FAQ Pregnancy
FAQ173, August 2011


What is early preterm birth?

Most pregnancies last about 40 weeks. Babies born between 32 and 37 weeks of pregnancy are considered preterm. Babies born before 32 weeks are called "early preterm."

What do I need to consider if I am at risk of having an early preterm baby?

If you are at risk of having an early preterm baby, your health care provider will discuss with you your baby’s chances of survival. Survival depends on many factors. You need to be aware of the survival rates in your hospital for a baby with the same gestational age, sex, and birth weight as yours. You also need to be aware that early preterm infants who do survive often have serious, long-term health problems. Babies may be physically or developmentally disabled and need special medical care.

What are some health problems associated with preterm birth?

The earlier an infant is born, the more likely he or she will have health problems. These problems can be short-term or long-term disabilities that may include the following:

  • Respiratory distress syndrome (RDS)
  • Bleeding in the brain
  • Infection
  • Problems with the digestive system
  • Problems controlling body temperature
  • Trouble communicating and making sounds
  • Vision and hearing problems
  • Cerebral palsy and other neurological problems
  • Developmental delays

Is treatment available to prevent early preterm birth?

Medications sometimes can be given to women at risk of preterm birth to help the baby’s lungs mature (corticosteroids) or help prolong pregnancy (tocolytics or progesterone). If you are between 24 weeks and 34 weeks of pregnancy and your health care provider suspects that you may have your baby within the next week, you may receive an injection of a corticosteroid. This drug helps speed the development of your baby’s lungs and some other organs.

Drugs called tocolytics can be given to many women with symptoms of preterm labor. These drugs can slow or stop contractions of the uterus and may prevent labor for 2–7 days. Tocolytics may provide you with extra time to take corticosteroids for the baby’s lung development or to get to a hospital that offers specialized care for preterm babies.

Can being born at a hospital with a neonatal intensive care unit improve the chance of survival for preterm babies?

Preterm infants who are delivered at hospitals with high-level neonatal intensive care units (NICUs) have a better chance of survival. High-level NICUs provide specialized care for infants with serious health problems. These units are better equipped and have doctors and nurses with advanced training and experience in caring for preterm infants. You and the baby usually will be cared for by a team of health care providers. The team may include a neonatologist, a doctor who specializes in treating problems in newborns.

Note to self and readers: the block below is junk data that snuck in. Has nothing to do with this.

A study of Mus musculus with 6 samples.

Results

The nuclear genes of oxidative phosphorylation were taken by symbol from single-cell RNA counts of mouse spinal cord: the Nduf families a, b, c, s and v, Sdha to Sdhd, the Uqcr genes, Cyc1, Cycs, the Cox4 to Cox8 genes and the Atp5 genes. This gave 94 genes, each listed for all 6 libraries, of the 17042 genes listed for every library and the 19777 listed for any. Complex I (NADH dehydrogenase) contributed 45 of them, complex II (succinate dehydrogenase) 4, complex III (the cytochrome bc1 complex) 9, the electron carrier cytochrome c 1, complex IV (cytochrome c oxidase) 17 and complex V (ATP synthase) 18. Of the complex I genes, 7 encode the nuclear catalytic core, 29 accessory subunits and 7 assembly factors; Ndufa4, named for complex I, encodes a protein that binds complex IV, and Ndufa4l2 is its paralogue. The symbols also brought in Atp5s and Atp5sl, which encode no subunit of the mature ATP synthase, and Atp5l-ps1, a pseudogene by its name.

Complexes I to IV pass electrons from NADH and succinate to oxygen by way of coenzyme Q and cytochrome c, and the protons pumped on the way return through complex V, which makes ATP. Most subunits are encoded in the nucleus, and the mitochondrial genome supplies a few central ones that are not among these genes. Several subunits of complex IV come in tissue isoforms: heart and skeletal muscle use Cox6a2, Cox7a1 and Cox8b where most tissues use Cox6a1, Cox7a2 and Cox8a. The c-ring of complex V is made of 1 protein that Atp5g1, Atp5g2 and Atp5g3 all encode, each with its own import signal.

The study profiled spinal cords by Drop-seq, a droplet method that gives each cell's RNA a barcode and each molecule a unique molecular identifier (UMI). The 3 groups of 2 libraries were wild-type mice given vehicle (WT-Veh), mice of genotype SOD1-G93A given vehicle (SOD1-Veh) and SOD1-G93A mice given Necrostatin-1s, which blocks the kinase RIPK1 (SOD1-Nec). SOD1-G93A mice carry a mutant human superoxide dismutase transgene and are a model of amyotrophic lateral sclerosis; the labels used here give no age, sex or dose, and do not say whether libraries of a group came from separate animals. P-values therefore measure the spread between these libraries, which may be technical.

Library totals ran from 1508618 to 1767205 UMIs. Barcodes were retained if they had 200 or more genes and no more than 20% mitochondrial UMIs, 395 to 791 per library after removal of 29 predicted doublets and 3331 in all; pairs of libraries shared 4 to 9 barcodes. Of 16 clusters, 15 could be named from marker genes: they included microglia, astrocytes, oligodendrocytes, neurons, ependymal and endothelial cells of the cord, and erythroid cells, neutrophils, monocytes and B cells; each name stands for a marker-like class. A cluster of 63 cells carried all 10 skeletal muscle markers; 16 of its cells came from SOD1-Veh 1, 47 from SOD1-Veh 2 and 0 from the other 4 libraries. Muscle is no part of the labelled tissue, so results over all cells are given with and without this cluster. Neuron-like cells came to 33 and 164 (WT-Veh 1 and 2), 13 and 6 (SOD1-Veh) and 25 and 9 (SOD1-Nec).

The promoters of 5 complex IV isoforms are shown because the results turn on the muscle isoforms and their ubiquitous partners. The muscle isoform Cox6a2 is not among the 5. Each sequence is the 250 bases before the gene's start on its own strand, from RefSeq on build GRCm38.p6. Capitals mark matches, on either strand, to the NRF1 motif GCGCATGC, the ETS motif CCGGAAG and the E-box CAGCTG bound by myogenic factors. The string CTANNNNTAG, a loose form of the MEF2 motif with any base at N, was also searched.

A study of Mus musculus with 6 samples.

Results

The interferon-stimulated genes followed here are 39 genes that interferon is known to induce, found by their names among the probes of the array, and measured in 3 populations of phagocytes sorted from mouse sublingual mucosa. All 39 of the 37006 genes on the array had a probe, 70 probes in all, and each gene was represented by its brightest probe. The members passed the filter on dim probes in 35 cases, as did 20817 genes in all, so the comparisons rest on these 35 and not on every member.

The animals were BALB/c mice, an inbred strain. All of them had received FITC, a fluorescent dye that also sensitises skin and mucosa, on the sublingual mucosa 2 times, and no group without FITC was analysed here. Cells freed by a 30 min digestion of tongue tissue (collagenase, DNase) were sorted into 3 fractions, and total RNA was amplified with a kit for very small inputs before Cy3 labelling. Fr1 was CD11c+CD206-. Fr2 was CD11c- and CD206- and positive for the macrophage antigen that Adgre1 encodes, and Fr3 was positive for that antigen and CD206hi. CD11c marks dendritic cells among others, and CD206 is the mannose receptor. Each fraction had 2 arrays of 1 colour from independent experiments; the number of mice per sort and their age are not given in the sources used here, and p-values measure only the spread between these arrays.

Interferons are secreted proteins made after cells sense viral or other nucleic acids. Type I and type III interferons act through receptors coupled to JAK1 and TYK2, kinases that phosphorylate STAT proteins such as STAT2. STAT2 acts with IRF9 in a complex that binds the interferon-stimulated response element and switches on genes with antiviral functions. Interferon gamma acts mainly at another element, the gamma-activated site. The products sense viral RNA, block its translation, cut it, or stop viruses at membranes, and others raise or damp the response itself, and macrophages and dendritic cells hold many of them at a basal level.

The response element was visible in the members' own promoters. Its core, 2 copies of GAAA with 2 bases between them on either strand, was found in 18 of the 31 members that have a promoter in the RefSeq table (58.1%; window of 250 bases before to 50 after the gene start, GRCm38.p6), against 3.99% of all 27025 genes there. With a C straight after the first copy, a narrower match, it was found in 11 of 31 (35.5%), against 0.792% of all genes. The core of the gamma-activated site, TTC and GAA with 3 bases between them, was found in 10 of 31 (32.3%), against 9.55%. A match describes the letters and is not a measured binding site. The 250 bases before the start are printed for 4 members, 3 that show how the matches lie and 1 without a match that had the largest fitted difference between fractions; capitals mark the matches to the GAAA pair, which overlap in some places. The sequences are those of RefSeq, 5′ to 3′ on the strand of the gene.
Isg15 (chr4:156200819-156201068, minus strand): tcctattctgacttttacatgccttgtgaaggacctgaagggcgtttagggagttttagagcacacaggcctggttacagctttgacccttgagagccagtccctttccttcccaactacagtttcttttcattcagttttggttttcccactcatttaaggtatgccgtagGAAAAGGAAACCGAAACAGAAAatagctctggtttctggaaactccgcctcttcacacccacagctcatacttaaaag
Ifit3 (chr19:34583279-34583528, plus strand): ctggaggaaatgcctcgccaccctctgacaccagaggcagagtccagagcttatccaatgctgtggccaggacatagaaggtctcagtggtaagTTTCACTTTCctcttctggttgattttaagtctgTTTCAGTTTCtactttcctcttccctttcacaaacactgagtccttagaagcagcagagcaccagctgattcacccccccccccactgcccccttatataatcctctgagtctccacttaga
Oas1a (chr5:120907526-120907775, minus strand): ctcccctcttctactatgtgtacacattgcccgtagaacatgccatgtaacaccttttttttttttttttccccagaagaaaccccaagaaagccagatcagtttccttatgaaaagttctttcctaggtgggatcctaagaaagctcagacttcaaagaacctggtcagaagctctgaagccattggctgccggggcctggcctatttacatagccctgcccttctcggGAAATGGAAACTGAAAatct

What is surfactant replacement therapy?

Surfactant is a substance that helps the air sacs stay inflated in the lungs. The lungs begin making surfactant at around 23 weeks of pregnancy. Lack of surfactant is the main cause of RDS in preterm infants.

Infants who need surfactant replacement therapy often are very sick and need highly specialized care. For this reason, surfactant therapy is offered only in hospitals where the staff is specially trained in giving this treatment and caring for very sick babies.

What decisions should I be prepared to make if I am likely to give birth to an early preterm infant?

If your baby is not responding to treatment, there is only a very slim chance of survival. Your team of doctors and nurses will talk to you and your family about your options. It is possible that the baby will not be able to survive without the ventilator. It will be a difficult time for you and your family, but it may be necessary to remove your baby from the breathing machine. Your health care team will help you decide what is best for your baby.


Corticosteroids: Hormones given to mature fetal lungs, for arthritis, or for other medical conditions.

Gestational Age: The number of weeks that have elapsed between the first day of the last normal menstrual period and the date of delivery.

Preterm: Born before 37 weeks of pregnancy.

Progesterone: A female hormone that is produced in the ovaries and that prepares the lining of the uterus for pregnancy.

Respiratory Distress Syndrome (RDS): A condition of some babies in which the lungs are not mature, which causes breathing difficulties.

If you have further questions, contact your obstetrician–gynecologist.

FAQ173: Designed as an aid to patients, this document sets forth current information and opinions related to women’s health. The information does not dictate an exclusive course of treatment or procedure to be followed and should not be construed as excluding other acceptable methods of practice. Variations, taking into account the needs of the individual patient, resources, and limitations unique to institution or type of practice, may be appropriate.

Copyright August 2011 by the American College of Obstetricians and Gynecologists. No part of this publication may be reproduced, stored in a retrieval system, posted on the Internet, or transmitted, in any form or by any means, electronic, mechanical, photocopying, recording, or otherwise, without prior written permission from the publisher.